Types of eCommerce Business Models

by Audra Bianca; Updated September 26, 2017

Brokerage

An auction business model serves as a brokerage between buyers and sellers. According to DigitalEnterprise.org, three types of transactions may occur between buyers and sellers in a web marketplace: business-to-business, business-to-consumer and consumer-to-consumer.

In one example, eBay is a massive auction site in which consumers find products using a bidding process. The eBay business includes all three types of transactions. As a brokerage, a site like eBay charges a fee--to buyers, sellers or both--to cover the cost of bringing buyers and sellers together.

Advertising

An advertising model involves posting web ads onto websites. These ads are targeted for consumers. For example, DoubleClick's DART for Advertisers provides a way to manage online advertising, serving and reporting. A business uses DART for Advertisers to manage multiple digital advertising campaigns, such as targeting a campaign to publish ads through channels like Yahoo. Serving refers to a server that posts ads in appropriate locations, and reporting refers to providing performance information back to an advertiser. With reports, an advertiser can decide which ads are having the most success, such as getting clicked on the most by online consumers.

Affiliate

An affiliate business model is a model in which websites work as partners. For example, a pay-per-click model means a merchant will receive compensation when one of its customers clicks on the website of an affiliate (or partner). When a customer clicks that ad, he will be taken to the affiliate's website, meaning the merchant will get paid for the click-through.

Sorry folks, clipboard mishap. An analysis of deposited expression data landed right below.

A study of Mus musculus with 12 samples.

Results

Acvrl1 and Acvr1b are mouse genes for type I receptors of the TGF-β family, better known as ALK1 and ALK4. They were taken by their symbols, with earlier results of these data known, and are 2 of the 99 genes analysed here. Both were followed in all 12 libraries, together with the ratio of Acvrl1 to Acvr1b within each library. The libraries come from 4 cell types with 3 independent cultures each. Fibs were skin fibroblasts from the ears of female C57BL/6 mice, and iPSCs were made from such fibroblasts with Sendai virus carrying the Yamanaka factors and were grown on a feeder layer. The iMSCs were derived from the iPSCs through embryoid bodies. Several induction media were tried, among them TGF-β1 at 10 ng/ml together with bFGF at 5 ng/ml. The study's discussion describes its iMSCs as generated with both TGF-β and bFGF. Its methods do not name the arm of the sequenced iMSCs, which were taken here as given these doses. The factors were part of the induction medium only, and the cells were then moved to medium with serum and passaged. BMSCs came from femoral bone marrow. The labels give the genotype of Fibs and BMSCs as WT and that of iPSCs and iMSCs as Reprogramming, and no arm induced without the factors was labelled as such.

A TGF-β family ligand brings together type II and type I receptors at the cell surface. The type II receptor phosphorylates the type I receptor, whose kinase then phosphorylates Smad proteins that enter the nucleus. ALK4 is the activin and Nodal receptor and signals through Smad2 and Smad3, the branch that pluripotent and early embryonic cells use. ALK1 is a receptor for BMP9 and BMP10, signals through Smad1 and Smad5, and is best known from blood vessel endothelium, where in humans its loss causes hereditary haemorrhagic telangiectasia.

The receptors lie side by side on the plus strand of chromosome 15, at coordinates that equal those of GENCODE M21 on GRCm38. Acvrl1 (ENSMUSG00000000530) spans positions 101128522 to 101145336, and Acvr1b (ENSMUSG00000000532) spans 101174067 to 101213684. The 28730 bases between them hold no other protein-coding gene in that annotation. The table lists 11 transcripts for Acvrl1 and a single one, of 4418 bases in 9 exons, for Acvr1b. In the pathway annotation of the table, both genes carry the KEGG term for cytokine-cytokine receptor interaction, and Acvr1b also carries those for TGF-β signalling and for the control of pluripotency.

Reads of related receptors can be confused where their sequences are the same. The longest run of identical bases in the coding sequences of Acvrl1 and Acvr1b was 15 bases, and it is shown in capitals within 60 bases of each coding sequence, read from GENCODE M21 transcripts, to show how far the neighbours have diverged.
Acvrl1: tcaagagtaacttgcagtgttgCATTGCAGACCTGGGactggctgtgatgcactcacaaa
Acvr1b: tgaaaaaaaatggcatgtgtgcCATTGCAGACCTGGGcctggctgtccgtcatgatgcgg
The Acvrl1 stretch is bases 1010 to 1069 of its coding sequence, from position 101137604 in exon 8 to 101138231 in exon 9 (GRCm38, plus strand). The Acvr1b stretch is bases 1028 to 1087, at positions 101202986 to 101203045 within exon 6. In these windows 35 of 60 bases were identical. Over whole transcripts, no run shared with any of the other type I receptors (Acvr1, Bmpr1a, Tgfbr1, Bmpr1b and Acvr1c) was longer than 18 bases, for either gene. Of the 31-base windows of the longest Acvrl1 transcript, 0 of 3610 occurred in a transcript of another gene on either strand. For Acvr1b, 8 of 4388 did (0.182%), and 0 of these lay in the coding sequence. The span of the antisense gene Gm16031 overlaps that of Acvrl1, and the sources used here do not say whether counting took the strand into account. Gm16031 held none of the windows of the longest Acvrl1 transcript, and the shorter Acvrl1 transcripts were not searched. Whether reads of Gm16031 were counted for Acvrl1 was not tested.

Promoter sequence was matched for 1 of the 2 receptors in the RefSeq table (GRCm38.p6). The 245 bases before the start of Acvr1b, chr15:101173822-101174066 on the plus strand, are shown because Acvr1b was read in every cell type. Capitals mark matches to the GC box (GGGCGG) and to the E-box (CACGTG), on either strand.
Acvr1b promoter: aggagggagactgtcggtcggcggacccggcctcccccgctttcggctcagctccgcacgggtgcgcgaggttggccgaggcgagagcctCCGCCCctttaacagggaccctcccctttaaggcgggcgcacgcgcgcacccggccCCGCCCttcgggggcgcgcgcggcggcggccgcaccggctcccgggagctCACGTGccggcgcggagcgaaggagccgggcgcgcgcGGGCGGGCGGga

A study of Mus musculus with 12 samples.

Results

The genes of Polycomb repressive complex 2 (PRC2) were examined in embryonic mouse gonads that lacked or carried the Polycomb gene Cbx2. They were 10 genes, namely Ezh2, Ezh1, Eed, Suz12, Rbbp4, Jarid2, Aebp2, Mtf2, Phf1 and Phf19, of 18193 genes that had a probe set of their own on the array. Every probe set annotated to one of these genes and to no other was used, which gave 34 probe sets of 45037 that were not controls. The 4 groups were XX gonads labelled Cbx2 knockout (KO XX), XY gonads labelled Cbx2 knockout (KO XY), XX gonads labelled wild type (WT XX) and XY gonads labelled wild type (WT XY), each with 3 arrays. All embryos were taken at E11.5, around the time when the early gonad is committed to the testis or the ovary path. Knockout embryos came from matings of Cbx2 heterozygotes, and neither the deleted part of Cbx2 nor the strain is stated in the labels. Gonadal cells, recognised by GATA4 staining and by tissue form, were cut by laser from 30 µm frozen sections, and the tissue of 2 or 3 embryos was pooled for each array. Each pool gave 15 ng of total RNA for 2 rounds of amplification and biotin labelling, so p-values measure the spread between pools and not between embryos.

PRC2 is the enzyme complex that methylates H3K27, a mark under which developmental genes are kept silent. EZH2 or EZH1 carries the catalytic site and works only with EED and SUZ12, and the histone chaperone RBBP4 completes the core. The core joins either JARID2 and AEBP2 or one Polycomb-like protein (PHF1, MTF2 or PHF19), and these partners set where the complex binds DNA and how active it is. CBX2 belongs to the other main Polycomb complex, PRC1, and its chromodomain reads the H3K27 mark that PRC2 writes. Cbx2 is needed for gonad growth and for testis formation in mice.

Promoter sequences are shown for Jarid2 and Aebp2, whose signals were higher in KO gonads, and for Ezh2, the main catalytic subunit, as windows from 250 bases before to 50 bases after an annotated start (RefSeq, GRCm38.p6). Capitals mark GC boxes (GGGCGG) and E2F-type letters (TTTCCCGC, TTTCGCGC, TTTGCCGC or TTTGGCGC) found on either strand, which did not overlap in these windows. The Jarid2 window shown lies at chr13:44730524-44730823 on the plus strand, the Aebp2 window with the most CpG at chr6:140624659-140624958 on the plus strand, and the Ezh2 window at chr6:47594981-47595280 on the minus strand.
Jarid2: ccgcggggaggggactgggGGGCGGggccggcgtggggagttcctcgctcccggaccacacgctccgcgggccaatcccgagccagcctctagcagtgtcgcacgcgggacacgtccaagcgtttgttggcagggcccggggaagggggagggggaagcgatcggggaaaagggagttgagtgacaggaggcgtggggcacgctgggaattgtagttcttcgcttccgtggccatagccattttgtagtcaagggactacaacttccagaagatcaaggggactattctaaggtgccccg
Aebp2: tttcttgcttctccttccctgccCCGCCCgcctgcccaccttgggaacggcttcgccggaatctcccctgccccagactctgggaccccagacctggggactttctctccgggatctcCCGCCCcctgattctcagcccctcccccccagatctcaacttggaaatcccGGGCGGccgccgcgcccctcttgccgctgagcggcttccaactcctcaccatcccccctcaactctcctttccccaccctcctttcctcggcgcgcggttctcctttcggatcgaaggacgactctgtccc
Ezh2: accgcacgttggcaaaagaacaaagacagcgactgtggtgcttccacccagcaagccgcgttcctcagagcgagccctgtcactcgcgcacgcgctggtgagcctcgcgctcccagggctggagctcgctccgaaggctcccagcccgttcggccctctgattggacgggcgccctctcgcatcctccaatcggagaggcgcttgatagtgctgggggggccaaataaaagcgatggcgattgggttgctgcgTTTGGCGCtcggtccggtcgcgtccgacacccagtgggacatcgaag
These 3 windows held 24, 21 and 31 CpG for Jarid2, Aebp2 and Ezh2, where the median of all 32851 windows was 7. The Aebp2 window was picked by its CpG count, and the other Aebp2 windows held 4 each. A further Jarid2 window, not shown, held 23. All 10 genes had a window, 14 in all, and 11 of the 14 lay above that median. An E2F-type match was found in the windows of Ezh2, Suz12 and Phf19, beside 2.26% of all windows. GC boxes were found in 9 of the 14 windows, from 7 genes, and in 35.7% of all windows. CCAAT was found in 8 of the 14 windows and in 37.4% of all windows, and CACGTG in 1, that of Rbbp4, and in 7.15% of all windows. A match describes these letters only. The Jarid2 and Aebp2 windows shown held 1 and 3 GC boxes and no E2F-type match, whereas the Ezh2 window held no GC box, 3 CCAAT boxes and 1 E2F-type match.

The affiliate relationship may also work the other way around. If a customer follows a link on an affiliate's website and ends up at a merchant's website, the affiliate will receive compensation for that click-through.

As partners, both affiliates benefit in this relationship. They are reaching wider audiences on two websites.

Merchant

A merchant model is perhaps easiest to understand. A business such as Barnes & Noble operates its own website to sell products or services to customers. In this example, Barnes & Noble is a bookseller that operates traditional stores, and it uses its website to sell more books. Other merchants may not be storefronts, but they have another type of business model. For example, a mail-order catalog or a winery could open its own online store and sell directly to customers. There is no intermediary (or go-between) in this business model.

About the Author

Audra Bianca has been writing professionally since 2007, with her work covering a variety of subjects and appearing on various websites. Her favorite audiences to write for are small-business owners and job searchers. She holds a Bachelor of Arts in history and a Master of Public Administration from a Florida public university.